The House Across The Street

The elderly lady across the street from me finally moved in with her daughter.  There’s a huge estate sale this week, and the house is for sale (for sale by owner–the kids are giving that a try!).  As I walked through the house, I thought it was almost a shrine to another era of Brookside living:  the linen tablecloths, the china, the gloves and cloth napkins..the heavy furniture and lace curtains, tiny floral wallpaper and a toast rack.  I think most newlyweds don’t even register for fine china and when I wear gloves–it’s to keep  my hands warm, not to accessorize an outfit.

The house itself doesn’t look like it’s been updated since it was built-in the 1920s.  Brookside homes are known for their charming architectural details but this house…not even a dishwasher in the kitchen!  The crown molding along the ceilings… the glass doorknobs and original corner cabinets in the breakfast nook..cove ceilings…the unpainted wood trim..arched doorways and curving fireplace…. and  oh the art deco bath!  Those black and yellow tiles still seem as shiny as the day they were installed decades ago!  Near the back door you find the ice door for the ice block, and in the basement, the pine wood paneling and bar for the ‘rec room’.  If the walls could talk…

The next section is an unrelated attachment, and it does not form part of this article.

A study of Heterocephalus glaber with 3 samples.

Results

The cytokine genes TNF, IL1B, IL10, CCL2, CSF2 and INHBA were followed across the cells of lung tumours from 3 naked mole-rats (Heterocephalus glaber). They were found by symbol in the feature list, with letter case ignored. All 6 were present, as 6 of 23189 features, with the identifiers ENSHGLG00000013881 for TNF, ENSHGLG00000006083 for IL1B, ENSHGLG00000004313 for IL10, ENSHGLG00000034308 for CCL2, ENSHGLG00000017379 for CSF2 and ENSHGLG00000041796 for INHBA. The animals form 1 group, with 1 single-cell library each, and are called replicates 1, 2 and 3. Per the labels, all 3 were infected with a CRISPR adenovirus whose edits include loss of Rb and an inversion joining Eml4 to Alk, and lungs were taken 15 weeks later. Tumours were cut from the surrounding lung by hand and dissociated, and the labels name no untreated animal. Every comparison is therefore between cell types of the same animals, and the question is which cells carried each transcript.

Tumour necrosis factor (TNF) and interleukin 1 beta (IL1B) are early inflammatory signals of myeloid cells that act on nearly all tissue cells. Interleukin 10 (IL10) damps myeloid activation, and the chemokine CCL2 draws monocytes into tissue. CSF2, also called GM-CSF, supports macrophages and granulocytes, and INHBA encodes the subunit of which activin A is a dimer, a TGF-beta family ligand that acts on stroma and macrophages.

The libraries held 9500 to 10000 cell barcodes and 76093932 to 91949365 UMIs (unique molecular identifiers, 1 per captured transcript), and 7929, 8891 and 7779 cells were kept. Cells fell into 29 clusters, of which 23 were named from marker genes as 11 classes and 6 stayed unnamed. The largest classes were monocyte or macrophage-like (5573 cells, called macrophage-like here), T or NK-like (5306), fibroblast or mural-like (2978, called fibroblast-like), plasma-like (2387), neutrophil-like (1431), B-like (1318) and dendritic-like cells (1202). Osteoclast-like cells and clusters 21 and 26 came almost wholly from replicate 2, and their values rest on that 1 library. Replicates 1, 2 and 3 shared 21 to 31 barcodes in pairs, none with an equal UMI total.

What will probably happen is this:  a rehabber will snatch up the house, update the interior and strip it of all the fine detailing. Granite counters, beige tile, white-painted woodwork, knocked out  walls, more beige tile and poof!  it looks like the inside of every other newly built home in Suburbia USA.   I don’t fault buyers for wanting an updated, move in ready home–that’s what most of my buyers want.  But there is a way to freshen up while still retaining some of the original character of a home.  To rip out that deco tile bath seems like such a waste!  At least the Tudor exterior will remain.

I’m looking forward to meeting the new neighbors, whenever they come along.  Maybe it will be another family, to replace the one that’s grown and gone.   But one thing is for sure:  the more sophisticated and upscale lifestyle of those original folks is gone for good.  Let’s hope the charm of the craftsmen remains.